A veteran of brands like Ralph Lauren and Calvin Klein, English-born Simon Spurr struck out on his own in 2006 with an eponymous line of jeans called SPURR. The line was an instant hit at Bergdorf Goodman and soon after expanded into sportswear and suiting. In 2009 ‘Simon Spurr’ became the designer collection, and SPURR was reconfigured to be the contemporary counterpoint. The brand has been racking up the accolades ever since.
Checking In: Simon Spurr on CFDA Nomination, Dressing Young Hollywood
By Leah Bourne
Thursday, May 19, 2011 Updated at 9:30 AM EST
Simon Spurr talked with us about his latest CFDA nomination, why young Hollywood is gravitating his way and why he admires Ralph Lauren.
You were nominated for the CFDA Swarovski Award for Menswear last year and this year you are nominated for the Menswear Designer of the Year. What does being nominated mean to you?
Besides being such a huge honor just to be nominated, it means a great deal to be recognized for back-to-back years. There has been such a huge progression in the brand from when we were nominated for the GQ/CFDA Award for Best New Menswear Designers in America [in 2008] to being nominated for the CFDA/Vogue Fashion Award [in 2009] to being nominated for CFDAs. I think it ultimately shows that my peer group is recognizing my progression and voting accordingly, which means a lot.
Do you feel an extra dose of pressure because you have moved into the Menswear Designer of the Year category from the Swarovski category?
The Swarovski awards are obviously reserved for emerging talent. Now I am in the big leagues normally reserved for giants like Ralph Lauren, Calvin Klein and Tom Ford. It’s really humbling to be included on that list. At the same time, because of that, I am prepared for the other side, for not winning. The way I look at it the Spurr brand has been around for five years and there will be other opportunities to win. Hopefully I will be around for a long time.
What happened in 2006 that you said, now is the time to strike out on my own?
I was at a crossroads. I was working at Ralph Lauren, I was 31 and I thought to myself, if I am going to do it, I have to do it now. I started with denim and the line grew and evolved from there. I didn’t think at that moment that I would get to where I am now. I did want to work for myself and get the freedom that that would provide. Ironically, I am working harder than I ever have, but it’s important to me to be my own boss, and to be able to take a day off when I need to, or down the line when I have a family to be able to go to my son’s soccer practice.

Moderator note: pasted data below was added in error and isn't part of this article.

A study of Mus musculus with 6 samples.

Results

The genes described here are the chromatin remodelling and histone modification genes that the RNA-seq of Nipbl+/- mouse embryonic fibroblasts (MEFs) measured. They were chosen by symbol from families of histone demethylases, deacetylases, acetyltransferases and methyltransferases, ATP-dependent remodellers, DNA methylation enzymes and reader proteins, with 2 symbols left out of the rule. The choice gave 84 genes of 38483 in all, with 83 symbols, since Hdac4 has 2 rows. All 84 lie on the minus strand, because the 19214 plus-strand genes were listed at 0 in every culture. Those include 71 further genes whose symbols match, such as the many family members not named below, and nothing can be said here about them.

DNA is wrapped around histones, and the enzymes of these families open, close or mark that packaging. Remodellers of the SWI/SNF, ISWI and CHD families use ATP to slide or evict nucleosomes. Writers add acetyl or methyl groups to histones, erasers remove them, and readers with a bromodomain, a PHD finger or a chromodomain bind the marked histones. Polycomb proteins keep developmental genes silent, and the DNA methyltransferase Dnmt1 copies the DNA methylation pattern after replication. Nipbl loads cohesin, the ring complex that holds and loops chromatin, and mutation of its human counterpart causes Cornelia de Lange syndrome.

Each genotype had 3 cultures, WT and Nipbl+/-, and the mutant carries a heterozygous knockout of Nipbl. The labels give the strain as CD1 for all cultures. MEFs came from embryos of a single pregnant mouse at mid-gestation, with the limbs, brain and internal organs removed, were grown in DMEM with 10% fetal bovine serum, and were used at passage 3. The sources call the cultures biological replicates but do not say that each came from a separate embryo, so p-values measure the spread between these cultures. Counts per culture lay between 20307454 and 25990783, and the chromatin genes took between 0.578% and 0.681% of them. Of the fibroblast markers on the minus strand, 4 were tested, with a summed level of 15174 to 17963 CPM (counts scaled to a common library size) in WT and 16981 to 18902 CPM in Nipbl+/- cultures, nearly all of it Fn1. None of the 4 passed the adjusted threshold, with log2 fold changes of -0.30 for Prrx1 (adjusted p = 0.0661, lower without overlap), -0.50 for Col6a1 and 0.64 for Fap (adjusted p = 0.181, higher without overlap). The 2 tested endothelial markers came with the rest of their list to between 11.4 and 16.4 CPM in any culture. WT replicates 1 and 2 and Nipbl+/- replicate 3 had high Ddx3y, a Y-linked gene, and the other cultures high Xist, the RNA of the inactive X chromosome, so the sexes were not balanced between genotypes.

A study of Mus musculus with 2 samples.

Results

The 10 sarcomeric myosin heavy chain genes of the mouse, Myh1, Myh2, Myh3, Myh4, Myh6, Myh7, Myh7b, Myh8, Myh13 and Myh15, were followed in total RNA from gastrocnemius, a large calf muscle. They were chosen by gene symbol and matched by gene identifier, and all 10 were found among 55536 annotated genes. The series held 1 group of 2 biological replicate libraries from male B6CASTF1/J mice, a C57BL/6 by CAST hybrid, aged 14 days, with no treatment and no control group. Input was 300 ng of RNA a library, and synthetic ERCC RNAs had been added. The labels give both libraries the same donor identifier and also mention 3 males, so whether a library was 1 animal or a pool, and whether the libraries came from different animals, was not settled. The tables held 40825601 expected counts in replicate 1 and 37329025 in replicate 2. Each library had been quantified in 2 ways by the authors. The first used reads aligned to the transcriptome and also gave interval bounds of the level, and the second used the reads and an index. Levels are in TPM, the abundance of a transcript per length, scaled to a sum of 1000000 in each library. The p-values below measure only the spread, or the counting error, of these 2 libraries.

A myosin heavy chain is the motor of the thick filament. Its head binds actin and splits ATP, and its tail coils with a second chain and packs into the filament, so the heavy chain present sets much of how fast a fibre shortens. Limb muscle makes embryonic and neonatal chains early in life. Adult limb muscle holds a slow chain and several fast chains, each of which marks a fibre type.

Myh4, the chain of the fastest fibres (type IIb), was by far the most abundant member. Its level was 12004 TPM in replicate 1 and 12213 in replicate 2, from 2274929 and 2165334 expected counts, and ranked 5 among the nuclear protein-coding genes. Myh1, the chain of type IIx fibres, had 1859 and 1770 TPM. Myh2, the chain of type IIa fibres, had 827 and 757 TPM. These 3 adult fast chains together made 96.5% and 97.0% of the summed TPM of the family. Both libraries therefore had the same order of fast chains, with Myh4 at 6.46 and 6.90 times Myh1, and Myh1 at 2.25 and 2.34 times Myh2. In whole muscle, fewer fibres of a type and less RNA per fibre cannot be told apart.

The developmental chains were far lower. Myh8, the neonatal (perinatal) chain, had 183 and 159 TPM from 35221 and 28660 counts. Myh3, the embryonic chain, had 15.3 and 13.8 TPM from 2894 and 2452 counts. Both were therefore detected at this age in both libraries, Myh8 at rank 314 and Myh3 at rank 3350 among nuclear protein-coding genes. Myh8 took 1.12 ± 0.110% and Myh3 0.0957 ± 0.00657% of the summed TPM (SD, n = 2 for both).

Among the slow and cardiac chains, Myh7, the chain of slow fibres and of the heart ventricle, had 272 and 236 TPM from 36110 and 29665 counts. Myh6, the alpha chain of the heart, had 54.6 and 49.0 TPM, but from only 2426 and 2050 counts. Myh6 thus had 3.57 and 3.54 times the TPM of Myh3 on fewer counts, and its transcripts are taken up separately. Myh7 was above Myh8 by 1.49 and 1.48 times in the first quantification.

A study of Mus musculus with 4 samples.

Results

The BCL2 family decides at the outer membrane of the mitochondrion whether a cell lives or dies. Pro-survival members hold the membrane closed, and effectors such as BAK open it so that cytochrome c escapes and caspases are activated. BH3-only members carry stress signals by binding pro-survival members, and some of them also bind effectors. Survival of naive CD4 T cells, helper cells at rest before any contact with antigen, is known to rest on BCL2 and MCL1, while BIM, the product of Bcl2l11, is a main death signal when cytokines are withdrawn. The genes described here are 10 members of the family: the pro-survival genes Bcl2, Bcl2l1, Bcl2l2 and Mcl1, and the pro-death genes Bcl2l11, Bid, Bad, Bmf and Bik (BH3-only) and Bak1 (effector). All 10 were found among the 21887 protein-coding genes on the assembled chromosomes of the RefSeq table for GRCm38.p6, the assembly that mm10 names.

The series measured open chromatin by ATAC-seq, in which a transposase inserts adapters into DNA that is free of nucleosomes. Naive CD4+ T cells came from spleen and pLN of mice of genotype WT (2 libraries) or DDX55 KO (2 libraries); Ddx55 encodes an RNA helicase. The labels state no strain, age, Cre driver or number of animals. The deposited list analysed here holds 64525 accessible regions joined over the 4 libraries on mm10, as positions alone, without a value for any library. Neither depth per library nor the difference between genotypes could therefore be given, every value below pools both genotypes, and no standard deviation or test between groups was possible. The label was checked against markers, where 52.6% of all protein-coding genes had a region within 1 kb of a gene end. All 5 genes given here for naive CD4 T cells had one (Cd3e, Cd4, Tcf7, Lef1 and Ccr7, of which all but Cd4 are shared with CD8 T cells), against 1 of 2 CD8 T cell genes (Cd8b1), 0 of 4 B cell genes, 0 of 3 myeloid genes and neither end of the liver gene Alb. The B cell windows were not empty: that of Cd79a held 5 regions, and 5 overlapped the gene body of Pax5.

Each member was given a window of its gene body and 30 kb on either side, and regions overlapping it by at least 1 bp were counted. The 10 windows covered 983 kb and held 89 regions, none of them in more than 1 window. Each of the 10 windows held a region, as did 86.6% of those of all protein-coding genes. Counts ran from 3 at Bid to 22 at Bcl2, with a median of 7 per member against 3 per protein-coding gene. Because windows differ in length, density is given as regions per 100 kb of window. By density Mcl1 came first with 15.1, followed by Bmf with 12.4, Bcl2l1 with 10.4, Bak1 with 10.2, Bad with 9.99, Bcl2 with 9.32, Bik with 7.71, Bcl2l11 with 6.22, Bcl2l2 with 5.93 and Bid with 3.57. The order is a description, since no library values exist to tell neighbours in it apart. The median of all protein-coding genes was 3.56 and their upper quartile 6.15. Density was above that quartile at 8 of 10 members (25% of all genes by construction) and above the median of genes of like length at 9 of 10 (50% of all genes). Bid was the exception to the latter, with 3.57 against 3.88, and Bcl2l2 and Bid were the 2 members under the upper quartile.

What did you learn from your experiences working with Ralph Lauren, Hedi Slimane and Calvin Klein that you have incorporated into your own brand?
From Hedi Slimane I learned the importance of bucking the trends. Calvin Klein is a purist when it comes to garments. And from Ralph Lauren I learned how to build a global brand. Some of what he did seemed repetitive to me when I was working there, but now that I am on my own I have a new appreciation for what he does.
How do you begin working on your collection each season?
I always start with fabric. Fabric ends up being 50 percent of the strength of any garment. The success of most brands has to do with making the correct model in the right fabric. I let the collection live and breath by itself. I never have a definitive theme like equestrian that I build a collection off of. I let the collection go where it wants to.
Where do you think men are in terms of style these days -- do you think there is a return on the horizon for the suit?
I think there is definitely a resurgence of men taking more care with the way that they dress. On the back of the economic recession men are being much more thoughtful and inquisitive with what they are buying. Quality is coming back into the marketplace. Made in Italy has an increasing importance. People are buying thinking about longevity and not just style. Disposable fashion is edging its way out in favor of luxury these days.
Why do you think young Hollywood , and stars like Zac Efron and Ed Westwick, are gravitating towards you?
I think it’s because they are searching for their own identity outside of the old guard and people like George Clooney. They are emerging actors, and I am an emerging men’s brand and it’s a perfect pairing. I think my clothes allow them to walk into a room with a personal style that doesn’t overshadow their personality.
Do you have aspirations as to where the Simon Spurr brand is going to go?
I think it’s difficult to get to the level of a Calvin Klein or a Ralph Lauren today, times have changed. They were the ones who paved the way for what we as designers are all trying to achieve today. I would love to do women’s, have a fragrance, but right now I am growing slow and steadily.
What’s next on the horizon for the label?
I would love to have a stand-alone retail store. It’s so important to create an environment that allows the customer to understand your complete vision. Right now we only have runway shows twice a year that allow for that, and customers don’t even get to experience them.